AIC Kaseve Primary School depends on students carrying water to the school and small rainwater harvesting tanks for all of their water needs, including drinking, cooking, and cleaning. As a result, there is never enough water to meet the demands of the large school population.
"Our school has a very high population, and the available water sources cannot serve all our water needs. We cannot plant many trees and maintain high standards of hygiene in school because of the water challenges involved here," said Deputy Headteacher Mary Musyoka.
The students must report to school by 6:30 am, carrying water for their use in school. When they arrive, the teacher on duty inspects the water carried by the students. Those who have failed to bring water are punished.
Carrying water to school is a burden on the students. They arrive at school tired, leading to poor concentration in class.
"We are always required to carry water to school for our cooking and drinking needs. It has not been easy because it makes you feel a bit tired by the time you arrive in school, leading to poor concentration in class," said student Joshua M.
"During breaks and lunch hour, we all rush to the few water points trying to get drinking water, and it becomes crowded."
Because students bring water from wherever they can get it, students and staff report cases of water-related diseases, such as amoeba and typhoid.
We will build a 104,000-liter rain tank for this school, making the others look tiny in comparison. Because of how rarely it rains in Southeastern Kenya, this tank's large volume is designed to store as much water as possible during the seasonal rains, making more water available through the dry months. This water will benefit the students, teachers, and additional staff.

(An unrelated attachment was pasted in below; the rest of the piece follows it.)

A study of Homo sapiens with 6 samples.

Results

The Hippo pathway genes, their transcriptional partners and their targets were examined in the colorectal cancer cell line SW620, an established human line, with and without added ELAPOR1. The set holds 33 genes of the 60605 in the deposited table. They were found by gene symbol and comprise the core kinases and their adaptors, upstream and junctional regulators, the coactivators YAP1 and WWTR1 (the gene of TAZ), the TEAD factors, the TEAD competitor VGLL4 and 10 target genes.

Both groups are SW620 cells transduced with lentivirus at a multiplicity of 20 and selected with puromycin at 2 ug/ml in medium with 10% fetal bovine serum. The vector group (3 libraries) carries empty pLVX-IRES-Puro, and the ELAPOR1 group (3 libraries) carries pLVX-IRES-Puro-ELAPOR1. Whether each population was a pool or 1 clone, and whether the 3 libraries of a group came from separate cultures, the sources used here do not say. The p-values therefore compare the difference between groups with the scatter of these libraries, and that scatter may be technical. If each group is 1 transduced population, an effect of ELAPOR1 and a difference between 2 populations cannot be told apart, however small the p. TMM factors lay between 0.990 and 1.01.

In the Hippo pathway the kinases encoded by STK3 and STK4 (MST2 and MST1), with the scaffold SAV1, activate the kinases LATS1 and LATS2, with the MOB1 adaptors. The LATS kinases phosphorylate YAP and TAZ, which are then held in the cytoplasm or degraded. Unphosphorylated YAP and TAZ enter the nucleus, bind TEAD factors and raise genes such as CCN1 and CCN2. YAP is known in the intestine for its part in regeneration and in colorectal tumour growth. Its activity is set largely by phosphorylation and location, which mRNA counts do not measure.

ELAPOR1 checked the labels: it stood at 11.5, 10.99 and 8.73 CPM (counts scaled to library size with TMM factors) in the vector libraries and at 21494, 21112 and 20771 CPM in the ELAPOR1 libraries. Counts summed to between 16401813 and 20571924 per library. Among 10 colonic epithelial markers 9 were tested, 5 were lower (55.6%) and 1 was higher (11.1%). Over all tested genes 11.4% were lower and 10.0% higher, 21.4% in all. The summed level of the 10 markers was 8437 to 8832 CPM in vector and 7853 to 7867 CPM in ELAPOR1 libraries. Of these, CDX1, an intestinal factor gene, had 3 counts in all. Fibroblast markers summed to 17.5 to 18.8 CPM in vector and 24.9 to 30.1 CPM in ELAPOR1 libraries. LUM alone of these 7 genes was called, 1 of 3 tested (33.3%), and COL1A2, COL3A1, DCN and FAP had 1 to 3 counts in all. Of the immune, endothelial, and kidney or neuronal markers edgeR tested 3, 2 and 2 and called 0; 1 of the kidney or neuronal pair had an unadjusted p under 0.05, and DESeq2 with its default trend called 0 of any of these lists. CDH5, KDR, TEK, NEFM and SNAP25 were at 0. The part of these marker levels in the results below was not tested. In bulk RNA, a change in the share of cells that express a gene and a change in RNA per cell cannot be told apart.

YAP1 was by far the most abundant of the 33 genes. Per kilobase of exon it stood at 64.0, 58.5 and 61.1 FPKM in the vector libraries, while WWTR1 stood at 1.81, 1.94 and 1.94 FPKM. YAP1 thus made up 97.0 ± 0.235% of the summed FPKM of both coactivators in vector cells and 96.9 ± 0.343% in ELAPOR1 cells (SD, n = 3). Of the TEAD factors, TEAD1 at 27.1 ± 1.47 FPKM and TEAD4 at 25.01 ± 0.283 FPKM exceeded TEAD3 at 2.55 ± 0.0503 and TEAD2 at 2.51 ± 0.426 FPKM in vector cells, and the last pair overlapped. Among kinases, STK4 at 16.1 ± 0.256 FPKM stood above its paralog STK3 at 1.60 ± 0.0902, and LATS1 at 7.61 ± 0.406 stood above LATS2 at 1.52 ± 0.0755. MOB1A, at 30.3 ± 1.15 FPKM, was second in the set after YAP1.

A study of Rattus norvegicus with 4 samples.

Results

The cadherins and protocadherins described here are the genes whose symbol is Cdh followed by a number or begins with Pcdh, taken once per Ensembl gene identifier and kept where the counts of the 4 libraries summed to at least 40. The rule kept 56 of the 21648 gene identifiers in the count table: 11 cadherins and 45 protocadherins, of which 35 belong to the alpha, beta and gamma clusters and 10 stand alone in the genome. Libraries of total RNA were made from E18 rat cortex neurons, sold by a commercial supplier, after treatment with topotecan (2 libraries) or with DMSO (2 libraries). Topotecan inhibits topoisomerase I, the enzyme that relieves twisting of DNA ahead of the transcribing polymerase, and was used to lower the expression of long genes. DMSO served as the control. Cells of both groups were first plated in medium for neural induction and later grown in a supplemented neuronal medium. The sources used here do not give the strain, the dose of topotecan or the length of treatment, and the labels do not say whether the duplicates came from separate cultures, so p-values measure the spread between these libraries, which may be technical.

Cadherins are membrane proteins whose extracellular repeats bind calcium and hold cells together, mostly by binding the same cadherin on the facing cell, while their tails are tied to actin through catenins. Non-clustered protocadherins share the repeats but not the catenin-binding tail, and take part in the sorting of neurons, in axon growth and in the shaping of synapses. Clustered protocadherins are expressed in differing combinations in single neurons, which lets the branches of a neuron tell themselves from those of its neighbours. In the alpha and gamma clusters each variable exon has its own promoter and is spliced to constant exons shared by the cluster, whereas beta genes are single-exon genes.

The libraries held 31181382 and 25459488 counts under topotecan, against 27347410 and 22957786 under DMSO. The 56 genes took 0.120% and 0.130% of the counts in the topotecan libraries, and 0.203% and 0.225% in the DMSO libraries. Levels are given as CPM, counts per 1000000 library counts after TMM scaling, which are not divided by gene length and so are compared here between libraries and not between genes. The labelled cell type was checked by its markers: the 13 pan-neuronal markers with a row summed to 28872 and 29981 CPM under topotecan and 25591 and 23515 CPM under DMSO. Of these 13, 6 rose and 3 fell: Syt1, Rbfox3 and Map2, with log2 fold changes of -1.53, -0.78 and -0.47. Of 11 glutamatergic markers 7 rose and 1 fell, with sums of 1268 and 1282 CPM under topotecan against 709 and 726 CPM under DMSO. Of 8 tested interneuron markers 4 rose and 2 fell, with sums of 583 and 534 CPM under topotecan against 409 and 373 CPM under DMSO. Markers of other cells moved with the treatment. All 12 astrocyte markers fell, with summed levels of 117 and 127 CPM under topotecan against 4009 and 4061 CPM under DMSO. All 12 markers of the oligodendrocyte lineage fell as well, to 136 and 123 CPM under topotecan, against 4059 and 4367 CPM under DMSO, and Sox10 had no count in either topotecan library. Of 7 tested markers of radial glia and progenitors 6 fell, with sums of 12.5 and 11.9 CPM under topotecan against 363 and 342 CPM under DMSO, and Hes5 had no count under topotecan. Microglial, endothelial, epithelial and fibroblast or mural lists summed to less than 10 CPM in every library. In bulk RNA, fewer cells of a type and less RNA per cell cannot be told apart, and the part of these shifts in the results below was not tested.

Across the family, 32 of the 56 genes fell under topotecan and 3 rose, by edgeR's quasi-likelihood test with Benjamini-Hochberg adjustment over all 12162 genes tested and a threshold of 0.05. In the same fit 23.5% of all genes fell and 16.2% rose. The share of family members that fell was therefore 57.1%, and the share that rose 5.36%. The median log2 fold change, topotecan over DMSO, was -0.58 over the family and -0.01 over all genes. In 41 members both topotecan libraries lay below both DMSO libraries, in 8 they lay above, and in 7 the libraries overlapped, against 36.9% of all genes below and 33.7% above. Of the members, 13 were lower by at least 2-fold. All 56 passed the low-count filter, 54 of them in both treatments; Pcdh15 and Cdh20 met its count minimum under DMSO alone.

Parents will mobilize the materials needed for construction, including sand, stones, and water. They will also lend their strength and time to help with the construction. We will complement their materials with a skilled artisan to lead the project and provide the tools, lumber, metal, cement, and gutter system.
As soon as the tank has time to cure, it can begin collecting rainwater for the school's use.
We will train students and staff on sanitation, hygiene, and other topics for one day. Those in attendance will form a school health club that will promote good hygiene and sanitation practices at school and home. They will learn all of the steps to proper handwashing, how to treat water, and how to keep their environment clean. The school will also be taught how to oversee best and maintain their new rain tank and handwashing stations.
A total of 3 handwashing stations will be installed upon the project’s completion and before training. These are 1,000-liter plastic tanks fitted with three taps each, allowing nine students to wash their hands at once. The student health club and school management will be responsible for making sure the tanks are filled with water and that a cleaning agent such as soap or ash is always available.